French President Emmanuel Macron issued a stark warning on climate change at a summit in Paris on Tuesday, telling world leaders “we are losing the battle” against global warming.
“We're not moving fast enough, that's the problem,” Macron told the One Planet Summit called to boost the 2015 Paris climate accord, which US President Donald Trump has renounced.
“We must all act because we will all be held to account,” Macron told the gathering on an island in the River Seine, adding: “We cannot say we did not know.”
Dozens of world leaders and hundreds of ministers, company bosses, and environmentalists attended the meeting held two years to the day since 195
nations sealed the Paris Agreement on curbing emissions.
The absence of the US was keenly felt at the talks, which focused on boosting investment in green energy and divesting from fossil fuels.
Speaking ahead of the summit Macron said he was hopeful Trump would reconsider his decision to take the US out of the climate pact.
“I'm not ready to renegotiate but I'm ready to welcome him if he decides to come back,” he told US broadcaster CBS, adding: “I'm pretty sure that my friend President Trump will change his mind in the coming months or years.”
Two years ago to the day, US secretary of state John Kerry shared in the cheers and champagne in Paris as world powers sealed a landmark global climate accord.
Returning to the French capital Tuesday for a follow-up summit, he cut a bitter and disappointed figure.
The United States' commitment to fighting climate change — something both Kerry and former president Barack Obama hoped would be a key part of their joint legacy — was reversed in June when Donald Trump announced he would withdraw America from the Paris pact.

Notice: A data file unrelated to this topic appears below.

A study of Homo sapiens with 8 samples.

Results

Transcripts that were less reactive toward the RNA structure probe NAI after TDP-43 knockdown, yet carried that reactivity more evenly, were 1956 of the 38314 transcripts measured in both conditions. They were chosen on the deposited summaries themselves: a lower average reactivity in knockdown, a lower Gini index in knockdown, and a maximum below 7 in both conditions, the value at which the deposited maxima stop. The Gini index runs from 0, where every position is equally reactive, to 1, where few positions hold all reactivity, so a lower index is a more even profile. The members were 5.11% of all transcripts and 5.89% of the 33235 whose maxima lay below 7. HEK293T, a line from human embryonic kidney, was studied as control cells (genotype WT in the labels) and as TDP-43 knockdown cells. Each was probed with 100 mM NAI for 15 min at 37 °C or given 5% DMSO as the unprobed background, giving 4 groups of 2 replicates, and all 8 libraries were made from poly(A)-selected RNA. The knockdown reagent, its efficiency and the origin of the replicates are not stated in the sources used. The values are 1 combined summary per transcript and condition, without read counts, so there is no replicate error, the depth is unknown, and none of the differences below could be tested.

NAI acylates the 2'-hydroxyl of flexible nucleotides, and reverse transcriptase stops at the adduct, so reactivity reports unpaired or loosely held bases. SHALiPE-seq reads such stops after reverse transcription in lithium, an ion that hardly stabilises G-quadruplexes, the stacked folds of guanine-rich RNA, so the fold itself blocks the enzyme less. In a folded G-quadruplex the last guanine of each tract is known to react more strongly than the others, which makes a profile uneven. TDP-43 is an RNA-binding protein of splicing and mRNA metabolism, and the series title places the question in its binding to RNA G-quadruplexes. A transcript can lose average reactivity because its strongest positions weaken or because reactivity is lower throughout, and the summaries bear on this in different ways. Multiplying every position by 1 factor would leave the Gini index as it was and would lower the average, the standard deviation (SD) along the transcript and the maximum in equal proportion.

The lack of American leadership in tackling what Obama had termed “an existential threat”, was plain to see at the One Planet Summit in the French
capital Tuesday where more than 50 world leaders and dozens of ministers met for talks.
Only Trump and Syrian president Bashar al-Assad were not invited. The American government was represented by the second-ranked diplomat in the Paris embassy who appeared nowhere on the official programme of events.
“It's very disappointing, it's worse than disappointing, it's actually a disgrace when you consider the facts, the science, the common sense, all the
work that's been done,” Kerry told AFP when asked for his thoughts on the US absence.
The 74-year-old stressed Tuesday that Trump's rejection of the Paris Agreement amounted to more than just a waste of the Obama administration's intensive diplomatic efforts — seen by environmentalists as compensating for Washington's decision in 2001 to withdraw from the global Kyoto climate accord.
“It's 26 years of work that's being dishonoured by people who don't even understand the science,” Kerry complained.
Pending a radical about-turn, a high-profile delegation of American entrepreneurs, city leaders, and campaigners underlined in Paris that they
were the only hope for the US meeting its target of cutting greenhouse gas emissions by at least 26 percent from 2005 levels by 2025.
“We can't wait for the White House to wake up. We in America are operating from the grassroots,” California governor Jerry Brown, who has become a
leading advocate for emission-cutting efforts, told a panel discussion.
Like other Americans, from Microsoft billionaire Bill Gates to former New York mayor Michael Bloomberg and ex-California governor Arnold Schwarzenegger, Brown lamented the US president's unilateral decision that has isolated Washington and angered allies.
“We have a climate denier in the White House who says climate change is a hoax,” Brown said.
Kerry holds out some hope that his hard-fought climate diplomacy might still bear fruit.
Asked whether the US could still meet its emissions-curbing target, he replied: “I think it's possible, yes.”